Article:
There is so much to see and do in the Shenandoah National Park. A short drive from Luray transports you from the pastoral Shenandoah Valley to a 300 square mile mountain paradise on top of the Blue Ridge Mountains. Straddling this section of the Blue Ridge, the park encompasses 197,389 acres of majestic mountains, lush forests, and soothing sounds of waterfalls. Ranging from one to thirteen miles wide, the park climbs in elevation from the Shenandoah River Valley floor to more than 4,000 feet. Shenandoah National Park is a sanctuary for more than 100 varieties of trees, 200 species of birds, and 1,100 species of flowering plants.
Shenandoah National Park is one of the most popular and scenic areas in the national park system. Spectacular hiking trails of varying difficulties, including the famous Appalachian Trail, offer a wide range. From a panoramic view of the valley from your car, to a close up view of the wide variety of flora and fauna, you have many choices!
Whether you are on your own or participating in one of the many ranger-led activities during the spring and summer seasons, your “Shenandoah Experience” will leave you with a lifetime of memories.
The SKYLINE DRIVE traverses the Blue Ridge Mountain crest the entire length of Shenandoah National Park. Many overlooks afford breathtaking views of the historic Shenandoah Valley below. Along the way, one can have a delightful meal at one of the lodges, or spend a restful night in one of their comfortable rooms.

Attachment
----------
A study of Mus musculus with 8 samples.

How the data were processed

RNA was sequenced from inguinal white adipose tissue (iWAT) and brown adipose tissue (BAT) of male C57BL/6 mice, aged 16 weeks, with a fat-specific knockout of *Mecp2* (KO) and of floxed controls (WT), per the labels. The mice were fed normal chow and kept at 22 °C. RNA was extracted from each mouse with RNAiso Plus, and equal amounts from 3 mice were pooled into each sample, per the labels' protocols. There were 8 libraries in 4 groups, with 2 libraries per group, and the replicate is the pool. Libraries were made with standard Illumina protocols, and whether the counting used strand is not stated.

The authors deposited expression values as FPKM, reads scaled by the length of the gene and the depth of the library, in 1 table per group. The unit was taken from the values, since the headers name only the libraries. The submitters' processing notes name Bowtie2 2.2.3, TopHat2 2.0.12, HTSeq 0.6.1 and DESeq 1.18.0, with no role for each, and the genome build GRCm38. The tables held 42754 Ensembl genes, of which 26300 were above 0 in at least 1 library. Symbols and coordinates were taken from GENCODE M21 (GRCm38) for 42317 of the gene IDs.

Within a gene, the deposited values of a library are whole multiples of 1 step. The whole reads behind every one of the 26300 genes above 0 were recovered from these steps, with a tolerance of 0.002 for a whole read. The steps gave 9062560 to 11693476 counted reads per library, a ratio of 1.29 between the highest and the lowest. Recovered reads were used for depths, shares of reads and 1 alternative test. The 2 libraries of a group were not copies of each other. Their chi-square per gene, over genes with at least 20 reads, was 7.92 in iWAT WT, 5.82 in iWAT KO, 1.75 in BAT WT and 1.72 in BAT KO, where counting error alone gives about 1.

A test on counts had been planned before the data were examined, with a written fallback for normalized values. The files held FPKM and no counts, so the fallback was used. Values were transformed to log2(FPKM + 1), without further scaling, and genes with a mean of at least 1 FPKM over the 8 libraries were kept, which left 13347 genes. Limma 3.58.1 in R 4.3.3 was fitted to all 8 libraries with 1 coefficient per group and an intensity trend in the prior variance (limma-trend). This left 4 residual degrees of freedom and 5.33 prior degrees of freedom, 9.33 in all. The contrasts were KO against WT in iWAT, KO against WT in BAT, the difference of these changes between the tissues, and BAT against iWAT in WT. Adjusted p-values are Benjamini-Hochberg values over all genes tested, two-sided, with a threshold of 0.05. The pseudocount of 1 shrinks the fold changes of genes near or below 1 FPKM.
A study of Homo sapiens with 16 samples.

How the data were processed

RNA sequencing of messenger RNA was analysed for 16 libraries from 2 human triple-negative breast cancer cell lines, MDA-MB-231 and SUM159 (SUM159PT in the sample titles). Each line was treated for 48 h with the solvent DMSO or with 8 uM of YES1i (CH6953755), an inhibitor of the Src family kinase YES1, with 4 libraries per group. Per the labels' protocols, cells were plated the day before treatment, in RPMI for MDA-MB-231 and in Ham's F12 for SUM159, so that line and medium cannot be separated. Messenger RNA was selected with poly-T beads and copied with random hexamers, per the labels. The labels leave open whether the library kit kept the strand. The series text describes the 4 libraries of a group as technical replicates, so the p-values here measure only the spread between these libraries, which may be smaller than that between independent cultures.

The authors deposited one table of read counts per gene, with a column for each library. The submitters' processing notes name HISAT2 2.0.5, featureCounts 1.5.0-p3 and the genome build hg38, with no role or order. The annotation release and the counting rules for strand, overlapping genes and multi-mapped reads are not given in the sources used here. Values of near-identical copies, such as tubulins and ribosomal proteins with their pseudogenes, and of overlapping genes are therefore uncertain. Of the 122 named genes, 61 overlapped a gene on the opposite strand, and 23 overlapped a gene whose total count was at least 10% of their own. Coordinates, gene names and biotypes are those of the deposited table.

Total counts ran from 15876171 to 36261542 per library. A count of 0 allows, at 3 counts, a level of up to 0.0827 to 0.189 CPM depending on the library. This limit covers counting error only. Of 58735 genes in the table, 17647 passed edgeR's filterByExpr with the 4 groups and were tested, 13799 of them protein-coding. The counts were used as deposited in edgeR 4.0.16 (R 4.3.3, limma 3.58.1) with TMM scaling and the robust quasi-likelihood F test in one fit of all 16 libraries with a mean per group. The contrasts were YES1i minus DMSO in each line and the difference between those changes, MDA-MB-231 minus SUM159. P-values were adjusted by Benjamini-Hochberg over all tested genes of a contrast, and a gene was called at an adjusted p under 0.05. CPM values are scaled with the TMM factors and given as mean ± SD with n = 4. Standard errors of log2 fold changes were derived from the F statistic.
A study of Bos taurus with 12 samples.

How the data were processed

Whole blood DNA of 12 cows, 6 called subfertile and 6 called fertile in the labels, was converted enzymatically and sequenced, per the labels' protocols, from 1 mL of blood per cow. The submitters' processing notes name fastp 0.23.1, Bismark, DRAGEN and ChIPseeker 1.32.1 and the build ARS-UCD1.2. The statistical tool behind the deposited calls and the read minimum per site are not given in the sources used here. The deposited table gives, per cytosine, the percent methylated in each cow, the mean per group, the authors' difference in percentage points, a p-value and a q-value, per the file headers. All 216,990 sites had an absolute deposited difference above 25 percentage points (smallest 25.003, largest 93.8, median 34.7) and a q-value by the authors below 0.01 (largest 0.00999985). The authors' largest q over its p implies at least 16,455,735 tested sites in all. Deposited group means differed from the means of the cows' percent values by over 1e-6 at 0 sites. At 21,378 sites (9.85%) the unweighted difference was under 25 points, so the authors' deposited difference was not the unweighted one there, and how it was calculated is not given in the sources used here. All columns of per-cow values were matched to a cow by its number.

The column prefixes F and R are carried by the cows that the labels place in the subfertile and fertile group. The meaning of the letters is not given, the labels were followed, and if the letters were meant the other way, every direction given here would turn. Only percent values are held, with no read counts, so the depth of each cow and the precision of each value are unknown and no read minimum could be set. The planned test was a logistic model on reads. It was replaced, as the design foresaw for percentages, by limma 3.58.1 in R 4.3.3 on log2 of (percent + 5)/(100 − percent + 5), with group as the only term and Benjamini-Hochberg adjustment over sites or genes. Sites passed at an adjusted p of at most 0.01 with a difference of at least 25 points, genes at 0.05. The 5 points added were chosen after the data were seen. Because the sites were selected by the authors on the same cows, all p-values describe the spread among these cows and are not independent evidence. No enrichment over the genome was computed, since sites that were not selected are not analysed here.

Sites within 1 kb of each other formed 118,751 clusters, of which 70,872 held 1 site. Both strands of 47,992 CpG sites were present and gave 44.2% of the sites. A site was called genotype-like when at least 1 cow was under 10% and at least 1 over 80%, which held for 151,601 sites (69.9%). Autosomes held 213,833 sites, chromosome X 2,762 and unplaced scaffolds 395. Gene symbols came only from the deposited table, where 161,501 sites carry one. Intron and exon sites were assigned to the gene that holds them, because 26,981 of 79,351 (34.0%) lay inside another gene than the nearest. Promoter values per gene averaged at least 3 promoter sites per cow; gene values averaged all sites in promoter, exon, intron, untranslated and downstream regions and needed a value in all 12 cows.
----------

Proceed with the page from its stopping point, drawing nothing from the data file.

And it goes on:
Call 540-999-3500 for more information, or visit the Shenandoah National Park Website
Business Office & Visitor Information
3655 US Hwy 211 East
Luray VA 22835
- Operating Hours & Seasons
- Fees and Reservations
- Driving Skyline Drive
- Go for a Hike!
- Fall Color Information
Winter in the Park
Winter in Shenandoah is cold and quiet as life slows down, but as you explore the park you will find that it is full of life. You may hear the hoot of the owl, the caw of the raven, or the gobble of the wild turkey, all year-round residents of the park. The chickadee, downy woodpecker, titmouse, and other small birds flock together during winter to forage and for protection. Some northern birds, such as the white-throated sparrow, hermit thrush, and purple finch, also winter in the park.